Thursday, February 3

The Angry Boy

I’m tutoring a first grader who is struggling in school. In order to protect his privacy, I won’t reveal too much. Suffice it to say, there is a two inch binder filled with the various testing results and a cacophony of other professionals who are working with him as well. My role: improve his reading.Let’s call him Dan.

I’ve rarely seen so much paperwork on a 6 year old. I’ve sat in on a number of team meetings. His parents are supportive and passionate about providing Dan with everything he needs. Dan is one angry little boy.

Due to the number of support services that Dan receives, I work with him after school in my classroom two afternoons a week. By the time he gets to me, the poor kid is exhausted not to mention the ADHD medicine is wearing off. I’ve noticed that our sessions are inconsistent and I’ve pulled out every trick I’ve learned in 29 years. It is a challenge to say the least.

Yesterday we had a late arrival due to an ice storm. Then, the schedule was adjusted and then re-adjusted and overall, the day was chaotic. When Dan arrived for tutoring, I had a sinking feeling that it was going to be rough session. My instincts were accurate.

Dan was belligerent, uncooperative and downright mad! I’ve established a routine of tasks so he knows what to expect when he works with me. I had to do some quick thinking.

First decision: throw out the routine.
Next, I pulled out new things from my box of materials to entice him to learn/work. No success.
Second decision: stop trying so hard and wasting time. He wasn’t buying anything I was selling.
Then, I thought we would have a “talk.”
Third decision: Stop asking questions! Angry kids will shrug more and not share when you keep asking questions so stop!

Just when I was ready to throw in the towel and make the call to the parents, I had an idea. I remembered what I do when I’m frustrated – I write it down.

So Dan and I wrote a story. We called it “The Grouchy Boy.” I did all of the writing and only
provided small transition words as prompts. I would say, “Next…” or “Then…” His story unfolded. I tried to make little eye contact and kept writing everything he said. Dan described a little boy who was frustrated and tried everything to escape. The little boy in the story finds his powers and takes control of the people and events around him. By the time we finished, my arm was cramping from trying to keep up with him. Dan was laughing and talking and reading with me. I have this “habit” of re-reading and I was struggling, so Dan helped me.

Now, Dan and I have decided to turn this story into a book. We discussed adding more characters, details and illustrations. Dan stated at the end that when the book is finished, he wants to share it with ALL of his teachers. He said, “ I can’t wait to work on our book again.”

I think Dan has great ideas.
I sure learned a lot from Dan yesterday.


Sue Downing said...

What a great way to get the child to express what was going on in his head! I hope you will give us progress updates.

A.Arnold said...

I enjoyed this blog tremendously! I love the problem solving process you went through until the right solution was discovered.

Farrah Kilgo said...

Great example of a caring teacher doing whatever it takes to help a child in need. Bravo!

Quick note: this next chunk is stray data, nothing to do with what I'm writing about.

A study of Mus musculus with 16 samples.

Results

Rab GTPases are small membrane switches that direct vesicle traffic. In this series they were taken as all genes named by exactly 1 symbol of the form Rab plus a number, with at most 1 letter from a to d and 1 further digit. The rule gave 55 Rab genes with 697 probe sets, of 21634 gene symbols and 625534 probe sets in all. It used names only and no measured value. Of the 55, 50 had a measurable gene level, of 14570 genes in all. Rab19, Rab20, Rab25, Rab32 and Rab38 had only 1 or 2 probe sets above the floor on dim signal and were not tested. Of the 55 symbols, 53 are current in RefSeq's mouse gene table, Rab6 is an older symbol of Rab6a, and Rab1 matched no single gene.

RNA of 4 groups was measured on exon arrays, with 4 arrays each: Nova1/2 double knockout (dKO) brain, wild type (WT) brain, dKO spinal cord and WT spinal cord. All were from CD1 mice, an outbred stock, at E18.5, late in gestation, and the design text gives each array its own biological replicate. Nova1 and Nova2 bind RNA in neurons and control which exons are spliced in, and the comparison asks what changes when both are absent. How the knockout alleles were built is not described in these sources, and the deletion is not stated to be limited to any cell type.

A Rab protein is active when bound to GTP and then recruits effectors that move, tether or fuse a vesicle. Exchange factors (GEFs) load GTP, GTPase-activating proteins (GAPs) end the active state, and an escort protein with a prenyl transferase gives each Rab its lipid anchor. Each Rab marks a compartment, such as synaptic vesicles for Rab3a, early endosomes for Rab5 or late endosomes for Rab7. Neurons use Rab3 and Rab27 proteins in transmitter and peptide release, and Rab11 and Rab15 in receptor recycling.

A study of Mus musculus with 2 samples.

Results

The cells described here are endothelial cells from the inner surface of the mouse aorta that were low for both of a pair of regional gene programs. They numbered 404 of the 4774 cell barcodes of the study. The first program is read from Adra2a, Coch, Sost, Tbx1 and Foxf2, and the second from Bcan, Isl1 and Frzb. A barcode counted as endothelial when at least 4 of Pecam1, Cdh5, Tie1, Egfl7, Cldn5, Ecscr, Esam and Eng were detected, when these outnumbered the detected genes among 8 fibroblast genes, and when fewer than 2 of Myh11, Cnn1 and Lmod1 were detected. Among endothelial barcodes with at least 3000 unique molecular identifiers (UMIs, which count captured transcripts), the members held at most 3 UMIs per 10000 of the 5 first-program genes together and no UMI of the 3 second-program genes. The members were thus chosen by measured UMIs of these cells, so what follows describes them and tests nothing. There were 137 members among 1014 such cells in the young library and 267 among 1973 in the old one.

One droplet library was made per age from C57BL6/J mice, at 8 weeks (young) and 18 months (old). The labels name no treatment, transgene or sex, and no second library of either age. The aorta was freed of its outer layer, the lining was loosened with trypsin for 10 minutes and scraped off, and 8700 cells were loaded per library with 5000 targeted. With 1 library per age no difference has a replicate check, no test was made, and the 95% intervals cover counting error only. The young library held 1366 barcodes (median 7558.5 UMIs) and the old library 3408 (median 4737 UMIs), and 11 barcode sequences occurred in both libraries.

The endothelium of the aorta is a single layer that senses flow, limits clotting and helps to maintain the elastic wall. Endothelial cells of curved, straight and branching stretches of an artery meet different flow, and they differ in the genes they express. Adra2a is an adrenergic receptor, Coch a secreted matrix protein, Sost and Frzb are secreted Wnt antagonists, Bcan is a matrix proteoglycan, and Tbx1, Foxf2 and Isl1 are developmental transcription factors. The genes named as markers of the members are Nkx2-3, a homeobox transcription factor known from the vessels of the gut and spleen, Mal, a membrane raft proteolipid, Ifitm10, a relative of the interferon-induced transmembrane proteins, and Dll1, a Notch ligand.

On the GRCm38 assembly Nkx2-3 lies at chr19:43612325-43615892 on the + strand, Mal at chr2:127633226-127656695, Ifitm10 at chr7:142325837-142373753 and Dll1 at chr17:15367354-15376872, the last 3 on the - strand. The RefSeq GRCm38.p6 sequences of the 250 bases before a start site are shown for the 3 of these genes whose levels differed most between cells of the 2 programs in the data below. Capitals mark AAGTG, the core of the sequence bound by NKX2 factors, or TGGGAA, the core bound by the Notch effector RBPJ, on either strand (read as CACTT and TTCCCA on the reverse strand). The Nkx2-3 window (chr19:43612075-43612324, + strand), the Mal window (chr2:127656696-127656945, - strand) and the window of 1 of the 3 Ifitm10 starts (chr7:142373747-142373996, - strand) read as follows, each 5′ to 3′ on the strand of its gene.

PLNaugle said...

You are terrific, and I bet Dan thinks so too. I will definitely remember this post when dealing with an angry child. It made me think of an idea to use in the regular classroom when a child has reached the end of his rope. Give the child a recording device and a headset. Allow him to go to a quiet area and "tell" his story. Sometimes just being able to express what is bothering him is so soothing.

Thanks for sharing your experience.

CheapBeerDrinker said...

Great idea! I have a few students in my computer classes that at times can be the same way. I could totally use that within my room. Thanks for sharing!

loonyhiker said...

I think it was great that you didn't give up on him. I know deep down inside he was glad you didn't either. I'm so glad you found a key that opened his door! Keep up the good work.

NancyTeaches said...

HI Sue,
Thanks so much for the comment. I hit the teacher store and my basement for new and different approaches for this student. I can't wait to try them out and I will post the results. Thanks again, Nancy

NancyTeaches said...

Thanks A. Arnold. I'm glad you the blog and the problem solving. Nancy

NancyTeaches said...

Thanks for the comment, kilgosclass! I will write about his progress. Thanks again, Nancy

NancyTeaches said...

Hi PNaugle,
I'm so glad my post inspired you. I love your idea to encourage the child to express their frustration. All of us need to be heard. Thanks again for commenting. Nancy

NancyTeaches said...

Thanks for writing CheapBeerDrinker. I hope the idea helps you. Nancy

NancyTeaches said...

Thanks Loonyhiker. I appreciate you writing. I hope I remember the moment if he gets frustrated again. Sometimes I think I learn more than the students. Thanks again. Nancy

Unknown said...

I have an education degree and did a lot of my classroom work in Baltimore City. I know what it's like to encounter some tough cookies! What you did was what all teachers hope for: spontaneously solving a problem after going through all your teacher plans, just hitting the nail on the head! :) great job!!

NancyTeaches said...

Thanks, Lara. He is one tough cookie, but so challenging. He will be one of those students you will always remember. He definitely keeps me on my toes. Thanks for commenting.